A teacher sends a frantic email or urgently flags you down in the hallway to say, “So-and-so can’t”—write their letters, stay at their desk, keep their hands to themselves… the list goes on—“and I think they need therapy. How do I make a referral?”
Hopefully, you don’t find yourself in this situation too often! While you’re eager to help as many students as you can, having to make a formal assessment every time a teacher requests a referral can actually take time away from doing so. Tier 2 interventions offer a far better way to get more students the targeted interventions they need without adding them to your at-capacity caseload.
The middle level in a Multi-Tiered Systems of Support (MTSS) approach to related services, Tier 2 intervention strategies reduce unnecessary one-on-one therapy referrals, but still power significant progress for students with identified educational needs.
At Pediatric Therapeutic Services (PTS), we’ve seen Tier 2 supports help students make measurable and lasting gains in multiple areas. We frequently use resources our own clinicians have developed and refined.
We’d like to share some examples of Tier 2 interventions we’ve found especially effective at accelerating students’ success without increasing pressure on busy therapists like you!
Reviewing the Multi-Tiered Systems of Support Model
In the special education field, you hear much about MTSS, “RtI” (Response to Intervention), and “RtII” (Response to Intervention and Instruction). We at PTS tend to use these terms synonymously. They all refer to, in our co-founders Pam Hackett and Diana Fongheiser’s words, “a tiered approach in which each step represents a more significant investment of time and resources based on the child’s ability to make progress with various levels of support.”
Here’s the overview of how it works:
- Tier 1
Supplemental services proactively delivered to all students in the general education classroom environment help 80-90% of them successfully develop educationally necessary skills.
- Tier 2
More intensive, short-term services efficiently delivered to small groups of students facing similar challenges who haven’t responded to Tier 1 interventions. They help 5-10% of students.
- Tier 3
The most individualized and direct services help the 1-5% of students assessed with the most serious disabilities and disorders—the students who truly should be on a caseload.
Some schools skip Tier 2 interventions for therapeutic support. “Each time we review new therapy caseloads,” Diana and Pam write, “it becomes quickly apparent that some intervention—far less intensive—would have been adequate for many of the students” who end up on a caseload.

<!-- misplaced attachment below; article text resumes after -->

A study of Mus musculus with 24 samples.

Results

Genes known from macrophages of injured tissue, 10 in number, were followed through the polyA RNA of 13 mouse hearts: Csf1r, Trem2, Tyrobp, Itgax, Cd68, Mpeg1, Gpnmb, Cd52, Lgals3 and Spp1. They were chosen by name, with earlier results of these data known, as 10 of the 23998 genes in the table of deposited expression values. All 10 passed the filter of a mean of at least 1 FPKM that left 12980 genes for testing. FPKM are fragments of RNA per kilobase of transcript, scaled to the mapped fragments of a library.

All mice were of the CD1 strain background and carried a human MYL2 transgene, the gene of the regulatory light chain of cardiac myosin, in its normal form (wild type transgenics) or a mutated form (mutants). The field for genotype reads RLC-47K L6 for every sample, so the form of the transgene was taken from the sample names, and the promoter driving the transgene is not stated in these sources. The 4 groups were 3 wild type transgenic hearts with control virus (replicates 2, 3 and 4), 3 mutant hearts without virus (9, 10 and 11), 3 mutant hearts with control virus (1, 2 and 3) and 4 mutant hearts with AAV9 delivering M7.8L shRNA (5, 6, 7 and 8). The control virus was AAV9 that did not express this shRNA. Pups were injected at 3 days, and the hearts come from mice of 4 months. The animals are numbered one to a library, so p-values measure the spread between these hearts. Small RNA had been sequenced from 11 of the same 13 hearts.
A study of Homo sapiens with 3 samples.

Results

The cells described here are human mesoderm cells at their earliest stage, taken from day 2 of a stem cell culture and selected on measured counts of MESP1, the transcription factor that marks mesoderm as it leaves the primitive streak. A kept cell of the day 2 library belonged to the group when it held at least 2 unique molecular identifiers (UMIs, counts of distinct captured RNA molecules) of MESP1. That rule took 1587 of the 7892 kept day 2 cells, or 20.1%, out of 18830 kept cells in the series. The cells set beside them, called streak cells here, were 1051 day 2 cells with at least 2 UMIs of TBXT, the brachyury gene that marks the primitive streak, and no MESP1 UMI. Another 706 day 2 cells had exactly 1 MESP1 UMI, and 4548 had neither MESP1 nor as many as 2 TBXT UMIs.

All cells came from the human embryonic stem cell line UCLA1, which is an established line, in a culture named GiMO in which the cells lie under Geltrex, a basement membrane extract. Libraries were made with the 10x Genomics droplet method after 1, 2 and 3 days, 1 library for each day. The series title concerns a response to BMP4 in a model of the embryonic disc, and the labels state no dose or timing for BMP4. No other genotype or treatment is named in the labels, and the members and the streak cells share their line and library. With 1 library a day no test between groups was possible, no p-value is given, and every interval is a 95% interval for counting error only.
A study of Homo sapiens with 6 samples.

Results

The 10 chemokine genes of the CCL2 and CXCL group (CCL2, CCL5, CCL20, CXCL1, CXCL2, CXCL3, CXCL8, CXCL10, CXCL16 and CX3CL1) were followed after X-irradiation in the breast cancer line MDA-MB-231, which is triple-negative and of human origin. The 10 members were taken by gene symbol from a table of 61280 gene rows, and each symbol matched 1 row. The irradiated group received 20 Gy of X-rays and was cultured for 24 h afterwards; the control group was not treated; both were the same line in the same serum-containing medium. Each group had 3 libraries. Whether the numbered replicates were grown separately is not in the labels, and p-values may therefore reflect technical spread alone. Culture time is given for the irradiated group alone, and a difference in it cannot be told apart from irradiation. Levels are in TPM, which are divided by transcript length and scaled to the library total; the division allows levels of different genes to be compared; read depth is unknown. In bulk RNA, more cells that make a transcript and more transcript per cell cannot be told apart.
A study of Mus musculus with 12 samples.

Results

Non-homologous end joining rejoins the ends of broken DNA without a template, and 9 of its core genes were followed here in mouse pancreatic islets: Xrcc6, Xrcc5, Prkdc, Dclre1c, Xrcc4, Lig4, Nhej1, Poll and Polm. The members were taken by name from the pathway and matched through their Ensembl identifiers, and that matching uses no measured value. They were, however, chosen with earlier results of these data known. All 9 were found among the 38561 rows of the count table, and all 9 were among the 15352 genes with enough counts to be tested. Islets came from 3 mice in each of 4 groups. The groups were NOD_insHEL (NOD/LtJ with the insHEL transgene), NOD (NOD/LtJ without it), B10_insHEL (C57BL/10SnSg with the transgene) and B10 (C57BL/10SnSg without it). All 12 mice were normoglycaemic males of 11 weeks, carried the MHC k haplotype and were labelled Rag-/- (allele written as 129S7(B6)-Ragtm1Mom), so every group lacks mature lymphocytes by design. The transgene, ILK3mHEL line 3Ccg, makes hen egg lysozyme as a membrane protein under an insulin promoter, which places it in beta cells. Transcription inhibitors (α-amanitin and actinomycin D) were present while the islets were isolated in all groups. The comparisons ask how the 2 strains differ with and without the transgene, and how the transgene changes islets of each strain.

While the MTSS approach is no magic cure-all, it does help clarify which students face significant deficits and which could benefit from the temporary, targeted support Tier 2 affords.
Examples of Tier 2 Intervention Strategies in Action
When can Tier 2 interventions prove particularly useful?
Handwriting concerns drive many referrals to school-based occupational therapists in schools. But instead of adding every child with “sloppy writing” to an OT’s caseload, why not form a small-group “handwriting club” that any trained teacher or staff member can lead to focus on pencil grip and letter formation in fun ways?
That’s the goal of PTS’ Pencil Power™ small group intervention. Meeting for only half an hour once per week for six weeks, students strengthen their fine motor, visual motor, and handwriting skills, playing games and turning their pencils into superheroic “sidekicks” along the way!
Tier 2 supports can also help students who face social skills challenges. Over the course of just eight weeks, our Super Self™ program equips students with key self-monitoring strategies to help them focus as fully as possible on learning in the classroom.
Click here to download a sample of the Super Self workbook. You’ll see how it encourages students to choose and use practical strategies—everything from “silent silly faces” and shoulder shrugs to palm presses and chair pull-ups—for staying attentive and productive in school. Teachers and staff members can also lead these small groups after minimal training from trained clinicians.
Resist the rush to referral! Educate teachers and staff about the power of Tier 2 interventions to deliver “therapy without the therapist,” as we like to say.
By helping the schools you work with implement an MTSS model in related services and working directly with fewer students yourself, you’ll actually be helping more students succeed—and that’s why we’re in this line of work!